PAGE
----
Heat send Michael Beasley to Timberwolves

Update (July 12, 2010): The compensation received for Michael Beasley has been changed to a pair of second round draft picks from the Minnesota Timberwolves in 2011 and 2014. 

The cloud of mystery that has surrounded the stay of Michael Beasley in South Florida for the past two seasons has been lifted.

In the wake of Thursday’s addition of Cleveland Cavaliers free-agent forward LeBron James, and amid the need to clear additional cap space, the Miami Heat late Thursday night traded Beasley, the No. 2 overall pick in the 2008 NBA Draft, to the Minnesota Timberwolves, who can simply absorb Beasley into empty salary-cap space.

The Heat will almost surely turn around and utilize the $4.96 million in gained cap space on Washington Wizards free-agent swingman Mike Miller, who has a standing five-year, $30 million offer on the table from the Heat which figures to start at roughly $5 million.

The Heat had to virtually give away the No. 2 overall pick from the 2008 draft to rid themselves of his expiring contract. To complete the trade, Minnesota must only part with a 2011 second-round pick. The teams have also agreed to a swap of unspecified future first-round picks.

Miami was previously working on a four-team trade that would have turned the Heat’s acquisition of Chris Bosh into a sign-and-trade with the Toronto Raptors while also sending Beasley to the Charlotte Bobcats. The Houston Rockets were also involved in that deal, which called for the Rockets to ship swingman Jared Jeffries to Charlotte and take back Bobcats center Tyson Chandler.

The Raptors, though, held firm on their determination to participate in a Bosh sign-and-trade only if they have to take back draft picks, while also creating a large trade exception through Bosh’s departure. The four-way proposal, which was introduced Wednesday, would have required Toronto to take back at least $3.1 million in contracts from Houston, which the Raptors were unwilling to do. 

Toronto’s refusal could be a significant blow to the Heat from a perspective of structuring.

Now that the Heat has found an alternate trade partner for Beasley, a Bosh sign-and-trade that could net him a six-year deal as opposed to a five-year deal, along with slightly higher annual raises, is likely to go through by week’s end, with Toronto getting the package (draft considerations and a trade exception) it wanted from the start.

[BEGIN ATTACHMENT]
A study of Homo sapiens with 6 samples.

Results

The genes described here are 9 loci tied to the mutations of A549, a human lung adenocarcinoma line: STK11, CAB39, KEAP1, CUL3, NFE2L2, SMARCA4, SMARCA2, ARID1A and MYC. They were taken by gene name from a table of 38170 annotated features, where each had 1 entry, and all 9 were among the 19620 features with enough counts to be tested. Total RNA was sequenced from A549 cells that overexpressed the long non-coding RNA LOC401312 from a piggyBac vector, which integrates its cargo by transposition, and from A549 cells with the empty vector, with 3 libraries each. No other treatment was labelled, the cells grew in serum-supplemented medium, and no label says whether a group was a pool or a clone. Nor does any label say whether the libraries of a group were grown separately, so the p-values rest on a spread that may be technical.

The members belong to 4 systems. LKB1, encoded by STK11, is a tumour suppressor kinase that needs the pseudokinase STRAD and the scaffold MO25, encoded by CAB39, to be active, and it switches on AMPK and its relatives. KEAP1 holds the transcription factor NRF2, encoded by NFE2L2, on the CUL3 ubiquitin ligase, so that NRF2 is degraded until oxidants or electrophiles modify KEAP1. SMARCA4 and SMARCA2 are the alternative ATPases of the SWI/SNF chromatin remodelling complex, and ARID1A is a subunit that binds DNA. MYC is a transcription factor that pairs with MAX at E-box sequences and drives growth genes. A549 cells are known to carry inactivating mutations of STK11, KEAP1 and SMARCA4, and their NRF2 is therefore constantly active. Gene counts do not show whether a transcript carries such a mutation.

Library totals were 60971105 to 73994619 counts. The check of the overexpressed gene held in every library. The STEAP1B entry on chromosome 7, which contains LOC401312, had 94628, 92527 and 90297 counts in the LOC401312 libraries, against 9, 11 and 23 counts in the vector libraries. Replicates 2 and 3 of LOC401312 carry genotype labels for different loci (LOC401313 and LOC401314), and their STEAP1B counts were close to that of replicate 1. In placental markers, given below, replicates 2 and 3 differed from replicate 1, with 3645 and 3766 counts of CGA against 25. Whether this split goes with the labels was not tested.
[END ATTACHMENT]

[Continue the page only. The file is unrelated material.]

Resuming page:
Because the Heat would not be returning any player contracts in return, the Raptors would receive back a trade exception equal to the full value of Bosh’s starting salary for next season.

But it remains unclear as to what package of draft considerations the Raptors will demand. The hope was that the four-team trade could have been worked out such that the Bobcats, in exchange for Beasley, would part with the draft considerations necessary to satiate the Raptors’ demands for a Bosh sign-and-trade. Charlotte was highly motivated to acquire him, sources said, but Minnesota had the requisite cap space to do so without involving any other team.

The consideration received back for Beasley from the Wolves surely won’t be enough for the Raptors. The Raptors are now likely to require, at the very least, a return of their own first-round draft pick, originally dealt to the Heat as part of the February 13, 2009 trade that sent Jermaine O’Neal to the Heat in exchange for Shawn Marion. That pick is lottery protected through the 2014 draft, and becomes fully unprotected in 2015. With the Raptors set to face an imminent rebuild, that pick could potentially quite valuable if the Raptors continue to miss the playoffs in the years ahead.

The Heat — so confident that they would eventually manufacture a deal — told Beasley on Wednesday to prepare to be dealt, and asked him to scrap a voluntary workout this morning on the Heat’s practice floor.

It seems incredible to think that the man once thought by many to be the most talented player in the 2008 draft – an explosive, versatile scorer, and an excellent rebounder – could net the Heat such a limited return in trade just two years into his career. Perhaps it was a signal that few teams were willing assist the Heat in the dramatic transformation of its roster. Or perhaps it is a testament to just how far Beasley has fallen.

Beasley averaged 13.9 points as a rookie and 14.8 points last season. He could never nail down a starting spot and spent long stints on the bench because of his inability to grasp the Heat’s defensive system. That lack of defense forced coach Erik Spoelstra to keep Beasley on the bench late in close games, frustrating the 21 year old.

Beasley spent six weeks in a Houston substance-abuse rehab facility before his second season. The previous year he was sent home from the NBA’s Rookie Transition Program after his room smelled strongly of marijuana. Fellow rookie Mario Chalmers, currently the only Heat player under contract for next season, also was sent home.

That he gets a fresh start, in a low key city, for a team that will need to leverage his unquestioned offensive gifts is probably a good outcome for Beasley. Swapping Beasley for Miller, a 2011 second-round draft pick and an unspecified exchange of future first-round picks represents a solid, if imperfect, outcome for the Heat as well.